About Us

At the Islington Centre for refugees and migrants we have been welcoming people to our community since 1997, wherever they have come from, whatever has happened to them.  We talk to people.  We listen.  We find out what they need and we respond to that – whether it be advice on finding a safe place to live, English lessons, food, or simply to be heard and valued.  

The people who come to us have been through the toughest of times. Leaving your home because of war, persecution, rape or torture takes courage and determination. When people come to us they find a unique international community and the chance to feel human again – dignity and strength to keep going. 


As we have done throughout our 23-year history, during the pandemic we have worked to be a constant and trusted support meeting each individual where they are at and offering what can best help them.  When the pandemic struck we did not hesitate to step up so our clients could rely on us. We have responded to the pandemic by: 

  1. Sending support packages to 90 asylum seekers (70% of our client group) every fortnight since March 2020.  The support packages allow people to buy food, phone credit and other essentials. 
  1. Offering online English classes so that people can continue to learn English with familiar, trusted teachers and move towards integrating in the UK. 
  1. Offering a sense of community and welcome online through classes and groups  including art and writing, choir, gym, a baby group, yoga and more.
  1. Running our Support Service by phone and on zoom.  The Support Service helps people resolve the many challenges of being a refugee such as finding safe accommodation, accessing healthcare, finding a solicitor or accessing food and benefits.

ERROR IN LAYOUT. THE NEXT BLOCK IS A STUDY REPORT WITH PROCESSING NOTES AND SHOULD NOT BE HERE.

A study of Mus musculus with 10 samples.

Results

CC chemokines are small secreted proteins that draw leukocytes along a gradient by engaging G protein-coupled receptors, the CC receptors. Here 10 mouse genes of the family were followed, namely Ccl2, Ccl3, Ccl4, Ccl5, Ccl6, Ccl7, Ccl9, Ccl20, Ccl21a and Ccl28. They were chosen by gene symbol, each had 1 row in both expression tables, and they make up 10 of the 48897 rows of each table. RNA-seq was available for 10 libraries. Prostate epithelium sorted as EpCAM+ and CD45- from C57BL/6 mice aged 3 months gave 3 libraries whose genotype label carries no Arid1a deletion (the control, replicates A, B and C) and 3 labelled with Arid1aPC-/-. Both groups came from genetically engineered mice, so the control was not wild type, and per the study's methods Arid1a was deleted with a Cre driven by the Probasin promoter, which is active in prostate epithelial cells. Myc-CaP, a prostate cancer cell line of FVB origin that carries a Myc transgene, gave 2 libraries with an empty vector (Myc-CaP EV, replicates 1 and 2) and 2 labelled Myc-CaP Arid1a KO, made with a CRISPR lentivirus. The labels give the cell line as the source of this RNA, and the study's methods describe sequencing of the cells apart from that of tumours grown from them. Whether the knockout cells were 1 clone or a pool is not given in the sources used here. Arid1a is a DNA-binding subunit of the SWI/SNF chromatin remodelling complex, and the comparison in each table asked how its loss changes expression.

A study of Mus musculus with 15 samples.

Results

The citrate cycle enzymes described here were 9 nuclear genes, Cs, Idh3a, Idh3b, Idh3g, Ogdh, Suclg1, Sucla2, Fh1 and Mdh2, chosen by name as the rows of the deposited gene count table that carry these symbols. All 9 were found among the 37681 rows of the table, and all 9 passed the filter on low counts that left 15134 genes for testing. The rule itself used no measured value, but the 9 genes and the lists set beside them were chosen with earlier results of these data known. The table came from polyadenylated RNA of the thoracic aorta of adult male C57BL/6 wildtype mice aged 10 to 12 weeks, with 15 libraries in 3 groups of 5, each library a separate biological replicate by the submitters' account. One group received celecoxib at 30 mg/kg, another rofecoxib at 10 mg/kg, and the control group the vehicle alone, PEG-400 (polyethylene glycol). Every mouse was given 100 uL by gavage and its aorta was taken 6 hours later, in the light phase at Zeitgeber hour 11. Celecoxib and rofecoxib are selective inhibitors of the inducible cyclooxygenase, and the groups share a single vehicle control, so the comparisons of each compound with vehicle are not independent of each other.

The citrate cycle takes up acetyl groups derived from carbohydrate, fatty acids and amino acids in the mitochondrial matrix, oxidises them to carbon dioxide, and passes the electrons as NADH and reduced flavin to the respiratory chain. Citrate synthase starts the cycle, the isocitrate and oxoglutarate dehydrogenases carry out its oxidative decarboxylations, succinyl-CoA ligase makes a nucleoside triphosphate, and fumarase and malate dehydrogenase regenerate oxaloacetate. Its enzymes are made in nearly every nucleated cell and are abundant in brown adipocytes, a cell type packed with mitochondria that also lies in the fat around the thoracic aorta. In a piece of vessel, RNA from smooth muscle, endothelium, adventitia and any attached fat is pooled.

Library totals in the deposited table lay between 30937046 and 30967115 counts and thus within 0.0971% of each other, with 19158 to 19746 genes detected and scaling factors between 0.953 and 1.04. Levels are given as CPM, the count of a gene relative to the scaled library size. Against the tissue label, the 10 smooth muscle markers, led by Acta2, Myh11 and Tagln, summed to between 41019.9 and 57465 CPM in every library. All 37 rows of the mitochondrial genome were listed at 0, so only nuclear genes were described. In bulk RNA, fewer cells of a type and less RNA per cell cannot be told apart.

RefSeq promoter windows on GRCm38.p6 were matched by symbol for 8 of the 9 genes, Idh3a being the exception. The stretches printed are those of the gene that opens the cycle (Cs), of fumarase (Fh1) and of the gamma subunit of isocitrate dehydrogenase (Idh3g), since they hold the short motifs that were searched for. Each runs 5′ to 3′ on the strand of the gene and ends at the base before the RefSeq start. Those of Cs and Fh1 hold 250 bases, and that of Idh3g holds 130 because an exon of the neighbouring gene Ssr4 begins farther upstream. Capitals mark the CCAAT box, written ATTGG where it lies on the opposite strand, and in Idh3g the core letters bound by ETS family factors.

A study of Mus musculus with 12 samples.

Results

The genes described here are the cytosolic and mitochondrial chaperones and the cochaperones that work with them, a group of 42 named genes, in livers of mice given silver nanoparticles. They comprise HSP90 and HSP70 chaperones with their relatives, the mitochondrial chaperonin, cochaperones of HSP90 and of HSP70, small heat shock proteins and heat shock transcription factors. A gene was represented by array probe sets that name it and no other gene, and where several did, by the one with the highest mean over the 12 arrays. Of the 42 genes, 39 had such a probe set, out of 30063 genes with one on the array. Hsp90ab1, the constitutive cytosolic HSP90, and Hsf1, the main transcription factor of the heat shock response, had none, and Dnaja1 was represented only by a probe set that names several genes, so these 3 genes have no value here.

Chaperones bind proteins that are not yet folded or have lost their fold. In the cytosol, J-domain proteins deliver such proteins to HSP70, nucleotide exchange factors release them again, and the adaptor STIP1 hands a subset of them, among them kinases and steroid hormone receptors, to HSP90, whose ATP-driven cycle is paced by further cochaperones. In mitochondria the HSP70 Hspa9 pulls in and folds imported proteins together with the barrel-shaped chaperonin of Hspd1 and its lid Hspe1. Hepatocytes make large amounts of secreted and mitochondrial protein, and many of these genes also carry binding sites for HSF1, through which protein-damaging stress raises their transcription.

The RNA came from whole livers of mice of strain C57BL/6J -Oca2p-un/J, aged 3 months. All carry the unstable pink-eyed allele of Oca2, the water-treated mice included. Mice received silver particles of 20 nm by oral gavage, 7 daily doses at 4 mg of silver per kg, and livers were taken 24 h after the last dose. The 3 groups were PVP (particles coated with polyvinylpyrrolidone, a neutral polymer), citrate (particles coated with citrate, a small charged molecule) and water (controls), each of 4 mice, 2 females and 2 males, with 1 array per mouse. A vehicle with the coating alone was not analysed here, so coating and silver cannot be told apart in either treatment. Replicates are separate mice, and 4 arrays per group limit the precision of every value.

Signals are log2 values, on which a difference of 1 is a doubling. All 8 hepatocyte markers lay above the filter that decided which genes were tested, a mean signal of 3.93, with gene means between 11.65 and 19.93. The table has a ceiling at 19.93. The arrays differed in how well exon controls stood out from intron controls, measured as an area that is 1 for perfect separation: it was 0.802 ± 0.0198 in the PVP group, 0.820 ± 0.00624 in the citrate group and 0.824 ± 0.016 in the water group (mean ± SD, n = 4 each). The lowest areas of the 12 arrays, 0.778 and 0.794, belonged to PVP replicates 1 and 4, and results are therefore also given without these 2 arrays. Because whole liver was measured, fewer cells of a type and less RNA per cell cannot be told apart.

With Covid we are not able to offer a physical centre but we are proud that we are still able to offer a safe space to help people get through these unprecedented times.  We have been teaching English to refugees for a long time and our staff have a wealth of experience but the pandemic meant learning about new ways of working.   

Helping everyone in our community to join us digitally has been a huge challenge, both for staff and volunteers but also for refugees and migrants, many of whom did not have smartphones or laptops until we provided them.  It hasn’t always been easy, but we are proud to say that we now have 122 people out of 132 joining us remotely for English classes, gym, choir, art and other activities and are doing everything we can to reach others by phone and post.


We know that great many challenges lie ahead.  We have more than 60 on our waiting list.  We need to expand to welcome everyone on the waiting list in, and meanwhile bring our existing community safely through the year ahead, whatever it may bring.  Thanks to several high profile funders, who have put their confidence in us, we are able to plan.  

Our vision is to run a hybrid centre, with our building in Islington reopening to offer comfort, food and companionship in the Autumn – we know how much people have missed meeting face to face.  Meanwhile, we plan to take everything we have learned about teaching online and continue to build our community online offering all the warmth, friendship and practical tools that have helped hundreds of people over the years get through the challenges they face.